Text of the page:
The National Association for PET Container Resources (NAPCOR) has developed new bale quality grading specifications for postconsumer polyethylene terephthalate (EPT) bales. Designed to provide incentives to suppliers to improve recycled PET quality, the "grades" are defined based on the PET fraction of an incoming material load. To accompany the gradings, NAPCOR has also developed a PET material test audit; both have been passed on to the Association of Postconsumer Plastics Recyclers (APR) where they are expected to undergo final review prior to integration into the model bale specification for PET.
"Members of NAPCOR's Bale Quality Committee developed the gradings and bale audit test to send a message to the marketplace that the PET reclaiming industry needs better PET bales. We are willing to reward quality and we've developed a way to measure it," said PET reclaimer Byron Geiger, president of Custom Polymers PET (Athens, AL), and member of both NAPCOR and the APR. "PET reclaimers have struggled with poor bale quality and declining yields in recent years. These new specifications give us a way to provide specific feedback to the material recovery facilities we buy from and encourage them to improve quality."
The grindings and audit test method were developed by PET reclaimers using NAPCOR bale composition data, as well as the results of material audits performed at their facilities in the United States and Canada. Gradings are based on the weight of PET containers in a given PET sample, taken as a percentage of the weight of the total sample, or the "PET fraction." They include A, B, C, and F grades with PET fractions ranging from 94%T and up in an "A" grade to 72% and below an "F" grade.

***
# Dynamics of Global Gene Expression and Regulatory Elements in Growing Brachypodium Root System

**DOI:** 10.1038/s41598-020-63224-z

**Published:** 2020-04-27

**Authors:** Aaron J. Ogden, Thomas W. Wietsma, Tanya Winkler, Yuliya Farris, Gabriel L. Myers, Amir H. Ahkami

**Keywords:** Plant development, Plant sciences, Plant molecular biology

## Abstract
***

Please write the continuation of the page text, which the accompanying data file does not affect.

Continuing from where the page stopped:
Bale gradings and audit method are relevant to all postconsumer PET sources - whether deposit, California CRV, or curbside. They are intended to provide voluntary, industry-approved guidelines for marketers of PET bales, and to bring greater standardization into the marketplace, explained NAPCOR.
"The push to add quality gradings to the model PET bale specifications came from our PET reclaimer members working collaboratively on a way to provide clear market incentives and metrics to help improve material quality," said Tom Busard, NAPCOR chairman, chief procurement officer for Plastipak Packaging Inc., and president of Clean Tech, Plastipak's recycling affiliate. "The gradings are intended to help differentiate the marketplace and provide consistent feedback to MRFs in order to support investment in best practices."
NAPCOR and the APR have a long history of collaboration on PET recycling, with the APR serving as the plastics recycling industry's recognized source for bale specifications, test methods, and other plastics recycling guidance documents. It is anticipated that the APR will incorporate the new gradings and bale audit test method into a revised model bale specification for PET once their internal review process is complete.